Thursday, 26 February 2009

Somali is playing second fiddle to Arabic language

A couple of years ago the Somali novelist and cultural critic, Mohamed Dahir Afrah, argued that Somali is an endangered language.
Dr Afrah said Somali langauge " has" almost all the symptoms of an endangered language: Civil war; absence of central government that uses it for administration, and promotes it as medium of instruction; people prefer to use other languages because Somali languages does not help them to get decent jobs; absence of language research institutes and ; people boast about facility with a foreign language.
Evidence for Dr Afrah’s argument is plenty but the latest one has come from the Transitional Federal Government of Somalia. Few weeks ago the Somali Prime Minister, Omar Abdirashid Ali Sharmarke, formed a bloated cabinet. A couple of ministries contain Arabic words that replaced their Somali equivalents. A new ministry headed by Hamza Bur’i (Wasaaradda Deeganka iyo Ilaalinta Bey’ada ‘The Ministry of Environment and Environmental Protection’) shows that neither linguistic consideration nor environmental understanding was emphasised when the new ministry was being by conceived. Why use the Somali and Arabic words for the environment ( deegaan and bey’ad) ? Isn’t environmental protection within the remit of the Minister for Environment? Somali language is playing second fiddle to the Arbic language. The Ministry of Security has become in Somali Wasaaradda Aminga. The Somali equivalent of security, nabad-sugida was dumped in favour of the Arabic one Amniga. Nabad-sugidda is self-contained with the notion of security and safeguarding security. When foreign language words are used in place of Somali words that can do the trick, avoidable language and logic mistakes crop up as in the case of the new Somali Ministry of Environment and Environmental Protection.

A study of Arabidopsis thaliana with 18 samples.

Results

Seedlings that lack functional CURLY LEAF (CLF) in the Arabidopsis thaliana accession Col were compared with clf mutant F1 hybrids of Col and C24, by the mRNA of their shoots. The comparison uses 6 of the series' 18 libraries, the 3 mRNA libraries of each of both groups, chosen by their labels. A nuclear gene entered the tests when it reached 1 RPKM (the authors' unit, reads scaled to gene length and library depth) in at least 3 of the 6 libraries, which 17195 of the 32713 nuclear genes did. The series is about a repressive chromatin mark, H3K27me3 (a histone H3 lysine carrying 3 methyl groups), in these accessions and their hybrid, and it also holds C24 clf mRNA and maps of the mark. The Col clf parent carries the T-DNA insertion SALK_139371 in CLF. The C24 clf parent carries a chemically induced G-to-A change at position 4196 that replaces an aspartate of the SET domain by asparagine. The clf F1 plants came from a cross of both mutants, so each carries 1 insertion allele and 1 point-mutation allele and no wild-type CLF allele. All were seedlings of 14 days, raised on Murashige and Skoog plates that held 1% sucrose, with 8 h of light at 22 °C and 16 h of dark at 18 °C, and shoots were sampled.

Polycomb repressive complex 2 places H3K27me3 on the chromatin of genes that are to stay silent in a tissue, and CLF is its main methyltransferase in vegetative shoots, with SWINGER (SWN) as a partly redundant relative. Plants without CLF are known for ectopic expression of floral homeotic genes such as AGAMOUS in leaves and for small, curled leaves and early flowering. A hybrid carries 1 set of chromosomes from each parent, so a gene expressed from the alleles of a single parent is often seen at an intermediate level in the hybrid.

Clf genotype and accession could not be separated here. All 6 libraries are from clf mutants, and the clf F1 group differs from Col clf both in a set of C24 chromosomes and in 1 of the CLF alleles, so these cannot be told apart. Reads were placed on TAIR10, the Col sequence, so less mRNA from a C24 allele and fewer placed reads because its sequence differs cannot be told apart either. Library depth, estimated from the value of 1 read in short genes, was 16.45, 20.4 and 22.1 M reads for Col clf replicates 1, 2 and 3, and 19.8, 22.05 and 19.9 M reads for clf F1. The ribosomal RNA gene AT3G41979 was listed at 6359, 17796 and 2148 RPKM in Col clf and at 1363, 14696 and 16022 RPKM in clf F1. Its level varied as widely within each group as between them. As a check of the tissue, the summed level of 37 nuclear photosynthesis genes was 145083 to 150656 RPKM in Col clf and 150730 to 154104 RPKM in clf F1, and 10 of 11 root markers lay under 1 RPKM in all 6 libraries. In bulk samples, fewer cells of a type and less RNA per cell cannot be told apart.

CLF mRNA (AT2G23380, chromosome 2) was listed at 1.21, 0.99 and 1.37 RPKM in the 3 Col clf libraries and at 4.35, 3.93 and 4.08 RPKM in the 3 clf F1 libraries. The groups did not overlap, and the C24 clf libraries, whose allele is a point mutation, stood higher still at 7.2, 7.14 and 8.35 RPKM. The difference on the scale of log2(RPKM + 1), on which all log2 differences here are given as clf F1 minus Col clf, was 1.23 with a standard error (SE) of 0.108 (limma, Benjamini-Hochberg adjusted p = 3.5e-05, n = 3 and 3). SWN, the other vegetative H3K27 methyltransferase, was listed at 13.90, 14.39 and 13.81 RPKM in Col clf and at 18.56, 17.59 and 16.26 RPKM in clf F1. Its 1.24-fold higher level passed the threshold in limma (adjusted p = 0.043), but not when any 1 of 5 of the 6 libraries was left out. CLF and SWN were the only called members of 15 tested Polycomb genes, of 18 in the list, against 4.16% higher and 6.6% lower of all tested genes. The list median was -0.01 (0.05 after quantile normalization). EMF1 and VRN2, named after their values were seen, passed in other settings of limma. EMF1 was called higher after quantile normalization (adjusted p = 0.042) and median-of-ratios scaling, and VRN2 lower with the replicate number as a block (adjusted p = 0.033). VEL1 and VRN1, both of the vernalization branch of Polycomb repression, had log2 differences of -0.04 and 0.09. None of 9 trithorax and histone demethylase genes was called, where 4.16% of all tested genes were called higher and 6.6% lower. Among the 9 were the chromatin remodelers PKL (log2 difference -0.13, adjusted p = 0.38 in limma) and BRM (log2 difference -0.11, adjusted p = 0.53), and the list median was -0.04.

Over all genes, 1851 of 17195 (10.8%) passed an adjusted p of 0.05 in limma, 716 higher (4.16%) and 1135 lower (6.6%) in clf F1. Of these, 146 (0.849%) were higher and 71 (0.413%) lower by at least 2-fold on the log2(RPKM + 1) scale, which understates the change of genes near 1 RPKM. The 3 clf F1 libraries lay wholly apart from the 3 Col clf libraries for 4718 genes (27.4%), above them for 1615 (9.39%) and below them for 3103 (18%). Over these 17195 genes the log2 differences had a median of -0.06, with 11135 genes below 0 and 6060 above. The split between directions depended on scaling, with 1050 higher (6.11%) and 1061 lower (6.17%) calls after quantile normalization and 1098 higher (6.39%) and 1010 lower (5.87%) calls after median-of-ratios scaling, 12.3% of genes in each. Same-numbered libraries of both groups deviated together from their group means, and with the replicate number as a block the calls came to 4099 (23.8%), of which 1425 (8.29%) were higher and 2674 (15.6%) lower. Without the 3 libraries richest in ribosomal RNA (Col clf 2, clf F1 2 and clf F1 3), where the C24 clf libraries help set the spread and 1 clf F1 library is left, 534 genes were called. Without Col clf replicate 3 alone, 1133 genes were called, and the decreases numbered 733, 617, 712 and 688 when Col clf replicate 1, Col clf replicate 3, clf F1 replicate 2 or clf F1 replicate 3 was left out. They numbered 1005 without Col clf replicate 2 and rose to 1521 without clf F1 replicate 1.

(Mis)quoting Somalia’s Al Shabab Spokesman

I have been interested in the use of Somali language for newspapers and websites. Misquoting person is possible if a word is misspelt. Another mistake is cased by the order of words—object replacing the subject as the following headline in the Somali website: " Kooxda AlShabaab oo u gacan galay Gobolka Bakool" ( Al Shabab falls into the hands of Bakool region) –the truth is that Bakool region fell into the hands of Al Shabab.
Another Somali website quotes Abu Mansur, Al Shabab spokesman, who was quoted in Somali as saying “''Sharif ma diidanin ee Dustuurkuu wado ayaan diidanahay'' (We are not against Sharif , [ the Somali president], but I am against the constitution he is using). Why does Abu Mansur use two pronouns “we and I ( innaga and aniga) that refer to Al Shabab and himself at the same time? I think that the eighth word diidananay is supposed to be diidannahay to refer to the pronoun innaga (we). An Mistakes such as those outlined in the preceding paragraph confuse translators and students learning Somali as a second language, and it does portray the quoted people in negative light as well.